WASHINGTON — Consumer spending and incomes barely rose last month. Business investment has slowed. New-home sales remain dismal.
Despite all that, some economists say a brightening job market is lifting their hopes for 2012. More aggressive hiring, the thinking goes, would fuel enough spending to boost the economy.
Economists point to a big drop reported this week in applications for unemployment benefits, the third straight decline. Applications are now at their lowest level since April 2008. The trend is signaling that layoffs have all but stalled and that employers may be ready to step up hiring.
Unemployment, after hovering around 9 percent for more than two years, dropped in November to 8.6 percent. Employers have added at least 100,000 jobs each month from July through November. It's the best such streak since 2006.
Ian Shepherdson, chief U.S. economist at High Frequency Economics, said he expects the economy to grow at a 2.5 percent annual rate in the current October-December quarter. That would be the best performance in a year.
More jobs would mean more income. More pay tends to raise consumer spending, which makes up about 70 percent of the economy. Companies then have reason to increase hiring to meet stronger demand.
"We are hopeful that the plunge in jobless claims signals exactly that," Shepherdson said in a research note Friday.
Chris G. Christopher Jr., senior economist at IHS Global Insight, noted that many households are still struggling with slight or no pay increases.
"But gasoline prices have been falling, and that is giving them more money to spend on other items," he said.
The government said Friday that consumer spending rose just 0.1 percent in November, matching the increase in October. Incomes also rose a scant 0.1 percent.
Modest as they were, economists said the figures at least signaled that incomes and spending aren't stalling.
Healthier economic data in recent weeks have helped make the prospect of another U.S. recession seem more remote — as long as Europe's debt crisis doesn't trigger a catastrophe that infects the global economy.
Some economists trimmed their forecasts for growth based on the weaker-than-expected consumer spending data for November. But they said they still expected the economy to expand at a solid annual rate of 3 percent in the current October-December quarter. It would be the best showing since the spring of 2010.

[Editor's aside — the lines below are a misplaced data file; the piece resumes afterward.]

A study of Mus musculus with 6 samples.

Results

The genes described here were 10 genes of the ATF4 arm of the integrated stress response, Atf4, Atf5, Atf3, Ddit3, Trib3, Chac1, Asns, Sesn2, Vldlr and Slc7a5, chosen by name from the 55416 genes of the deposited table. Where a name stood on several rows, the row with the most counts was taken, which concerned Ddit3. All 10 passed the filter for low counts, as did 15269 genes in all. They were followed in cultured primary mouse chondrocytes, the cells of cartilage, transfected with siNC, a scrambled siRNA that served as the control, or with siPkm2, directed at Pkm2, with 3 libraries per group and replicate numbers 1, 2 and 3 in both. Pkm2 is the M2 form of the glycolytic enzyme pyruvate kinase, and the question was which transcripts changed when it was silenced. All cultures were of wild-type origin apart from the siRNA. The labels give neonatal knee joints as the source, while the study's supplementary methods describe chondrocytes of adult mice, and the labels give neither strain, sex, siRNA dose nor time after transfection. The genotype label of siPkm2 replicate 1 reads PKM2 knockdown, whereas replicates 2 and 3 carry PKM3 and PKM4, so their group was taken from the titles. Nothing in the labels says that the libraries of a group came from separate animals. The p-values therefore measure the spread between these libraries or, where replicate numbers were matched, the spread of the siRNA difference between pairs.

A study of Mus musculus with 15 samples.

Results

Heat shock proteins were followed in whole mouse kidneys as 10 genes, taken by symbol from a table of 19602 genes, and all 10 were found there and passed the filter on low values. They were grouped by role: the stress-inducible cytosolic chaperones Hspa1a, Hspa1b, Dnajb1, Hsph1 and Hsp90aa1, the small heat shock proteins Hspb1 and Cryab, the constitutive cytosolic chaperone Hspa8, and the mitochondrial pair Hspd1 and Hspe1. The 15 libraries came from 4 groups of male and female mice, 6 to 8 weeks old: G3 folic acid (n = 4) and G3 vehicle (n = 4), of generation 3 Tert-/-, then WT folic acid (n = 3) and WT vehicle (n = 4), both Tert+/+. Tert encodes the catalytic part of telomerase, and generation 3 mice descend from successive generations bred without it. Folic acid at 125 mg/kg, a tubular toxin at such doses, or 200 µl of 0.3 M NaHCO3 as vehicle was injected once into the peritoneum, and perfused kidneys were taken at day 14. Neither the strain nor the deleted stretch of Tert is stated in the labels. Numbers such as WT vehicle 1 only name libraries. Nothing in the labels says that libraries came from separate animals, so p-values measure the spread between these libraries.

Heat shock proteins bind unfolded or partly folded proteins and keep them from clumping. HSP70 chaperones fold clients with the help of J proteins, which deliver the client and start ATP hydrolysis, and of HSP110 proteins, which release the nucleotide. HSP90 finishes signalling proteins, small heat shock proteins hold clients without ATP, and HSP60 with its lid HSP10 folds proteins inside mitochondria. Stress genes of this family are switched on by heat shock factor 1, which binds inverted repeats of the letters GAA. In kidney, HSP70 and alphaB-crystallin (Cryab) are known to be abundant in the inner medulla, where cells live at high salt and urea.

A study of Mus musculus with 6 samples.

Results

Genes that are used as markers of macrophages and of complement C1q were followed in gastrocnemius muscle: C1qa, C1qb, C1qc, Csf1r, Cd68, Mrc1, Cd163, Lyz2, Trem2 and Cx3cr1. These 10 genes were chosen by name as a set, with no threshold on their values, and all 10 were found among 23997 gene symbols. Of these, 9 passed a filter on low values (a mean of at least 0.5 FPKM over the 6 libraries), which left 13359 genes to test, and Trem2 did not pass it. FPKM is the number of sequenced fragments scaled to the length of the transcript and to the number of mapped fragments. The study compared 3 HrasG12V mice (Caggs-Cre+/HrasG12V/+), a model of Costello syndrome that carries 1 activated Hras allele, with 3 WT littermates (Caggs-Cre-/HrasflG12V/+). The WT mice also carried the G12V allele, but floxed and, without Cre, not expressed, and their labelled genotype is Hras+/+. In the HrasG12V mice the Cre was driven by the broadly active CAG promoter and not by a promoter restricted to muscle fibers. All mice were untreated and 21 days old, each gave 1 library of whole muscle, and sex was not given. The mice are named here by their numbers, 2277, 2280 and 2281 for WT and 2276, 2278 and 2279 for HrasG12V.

"We are seeing some momentum going into the new year," said Stuart Hoffman, chief economist at PNC Financial. "At least we are not in a tight spot where we are still worried about relapsing into recession."
Hoffman said that a major source of uncertainty for 2012 was removed this week with Congress' agreement to extend a Social Security tax cut for 160 million workers — for two months, anyway.
As part of the deal, Congress also renewed benefits for the long-term unemployed. If that hadn't happened, millions of unemployed people would have begun to lose weekly checks averaging about $300 — the main source of income for most of them.
And if the payroll tax cut and the long-term unemployment benefits hadn't been renewed for 2012, economists said the modest growth of around 2.5 percent they expect next year would have been a full percentage point lower.
On Friday, the government also released a cautionary report on U.S. manufacturing. Companies' demand for long-lasting manufactured goods rose by the most in four months in November. But so-called core capital goods, a gauge of business investment spending, dropped for a second straight month.
Still, analysts said that with demand for items such as autos still strong, they expect further gains in factory orders and production.
In a third report, sales of new homes rose 1.6 percent in November to a seasonally adjusted annual rate of 315,000. Even with that small gain, 2011 is likely to end up as the worst year for new-home sales on records dating to 1963.
More significant for the economy was Friday's report on incomes and spending in November. The scant income gain reflected a decline in wages and salaries. They are the biggest component of incomes.
The sluggish rise in spending was held back by a 0.3 percent drop in spending on non-durable goods such as food, clothing and gasoline. Spending on durable goods rose 0.8 percent. The gain reflected solid auto sales in November.
Spending on services rose a modest 0.1 percent. This category includes such items as medical treatments and rent, The consumer spending report covers all items that households buy, including services, which make up about two-thirds of spending.
After-tax incomes showed no growth in November. The savings rate dipped to 3.5 percent of after-tax incomes, the lowest rate since late 2007. That shows consumers are having to tap their savings to finance their spending because of the weak income growth.
The best antidote for that would be an increase in hiring now that fewer people are being laid off.
"The jobless claims data point to stronger jobs growth emerging," said John Ryding, an economist at RDQ Economics.
AP Economics Writer Derek Kravitz contributed to this report.